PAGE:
SCB asks China to block illegal sales of totoaba, which threaten persistence of vaquita porpoise.
May 17, 2015 - The Society for Conservation Biology (SCB), led by its Marine, LACA, and Asia sections, has asked the Chinese government to implement increased enforcement of existing laws prohibiting the illegal marketing of totoaba (Totoaba macdonaldi) swim bladders. This market threatens to push two species, the totoaba and the vaquita (Phocoena sinus), further towards extinction.
The totoaba is a native fish of the Gulf of California, found between Baja California and mainland Mexico. It is listed on the Mexican Endangered Species List (NOM-059-SEMARNAT-2010) and is categorized as Critically Endangered by the International Union for the Conservation of Nature (IUCN) due to its long lifespan, slow growth, delayed reproduction, and historical fishing pressure. However, Mexican fishermen still illegally target this species for its swim bladder, while discarding everything else. The bladders are dried and shipped primarily to China, where it is highly prized for its purported, but unproven, ability to rejuvenate skin and act as an aphrodisiac.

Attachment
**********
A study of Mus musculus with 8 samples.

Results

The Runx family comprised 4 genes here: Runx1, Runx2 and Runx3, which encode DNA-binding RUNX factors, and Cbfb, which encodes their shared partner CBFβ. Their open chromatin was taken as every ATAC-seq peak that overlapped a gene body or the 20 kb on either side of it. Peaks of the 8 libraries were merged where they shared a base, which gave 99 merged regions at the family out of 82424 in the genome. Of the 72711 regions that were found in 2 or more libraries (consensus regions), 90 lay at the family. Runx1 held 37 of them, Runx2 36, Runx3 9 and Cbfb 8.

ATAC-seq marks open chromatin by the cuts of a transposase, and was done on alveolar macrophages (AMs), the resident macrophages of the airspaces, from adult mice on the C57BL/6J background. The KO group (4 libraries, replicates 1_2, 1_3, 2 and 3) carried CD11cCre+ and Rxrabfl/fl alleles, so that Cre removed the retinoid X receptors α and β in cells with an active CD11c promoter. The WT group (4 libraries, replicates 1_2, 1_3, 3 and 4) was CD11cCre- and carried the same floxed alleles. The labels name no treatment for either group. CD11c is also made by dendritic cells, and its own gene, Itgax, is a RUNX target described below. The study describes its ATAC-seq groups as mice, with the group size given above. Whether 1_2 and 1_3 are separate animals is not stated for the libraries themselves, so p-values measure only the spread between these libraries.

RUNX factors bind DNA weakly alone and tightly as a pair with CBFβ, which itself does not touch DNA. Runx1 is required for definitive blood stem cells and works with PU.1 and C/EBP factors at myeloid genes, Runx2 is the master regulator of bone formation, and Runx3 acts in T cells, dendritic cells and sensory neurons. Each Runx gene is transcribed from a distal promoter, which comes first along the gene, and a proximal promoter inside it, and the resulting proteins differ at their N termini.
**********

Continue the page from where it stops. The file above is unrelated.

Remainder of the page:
Listed on Appendix I of the Convention on International Trade of Endangered Species (CITES), commercial trade of totoaba is prohibited by CITES signatories, which includes both Mexico and China. The totoaba is thus protected by national laws within China implementing CITES under the authority of the State Forestry Administration. However, these protections have been insufficient in halting the trade of totoaba swim bladders, which has escalated dramatically over the last two years. This trade is also to blame for increasing the rate of decline of the vaquita population over the same period, to around 50%, leaving fewer than 100 remaining animals. The vaquita is the world’s smallest cetacean and it is frequently entangled in fishing nets set for totoaba. Found only in the northern Gulf of California, the vaquita could soon become the second cetacean species to be driven to extinction by humans, largely as a result of the illegal totoaba fishery.
The letter from SCB strongly urges the Chinese government to enforce existing national and international laws prohibiting the import of totoaba parts, and educate the public as to the impacts of the totoaba trade to diminish demand. Stopping the illegal flow of totoaba swim bladders into China should decrease the existing incentives supporting the capture and import of this endangered species. By simply upholding its existing laws, the Chinese government can play a crucial role in pulling these two species back from the brink of extinction.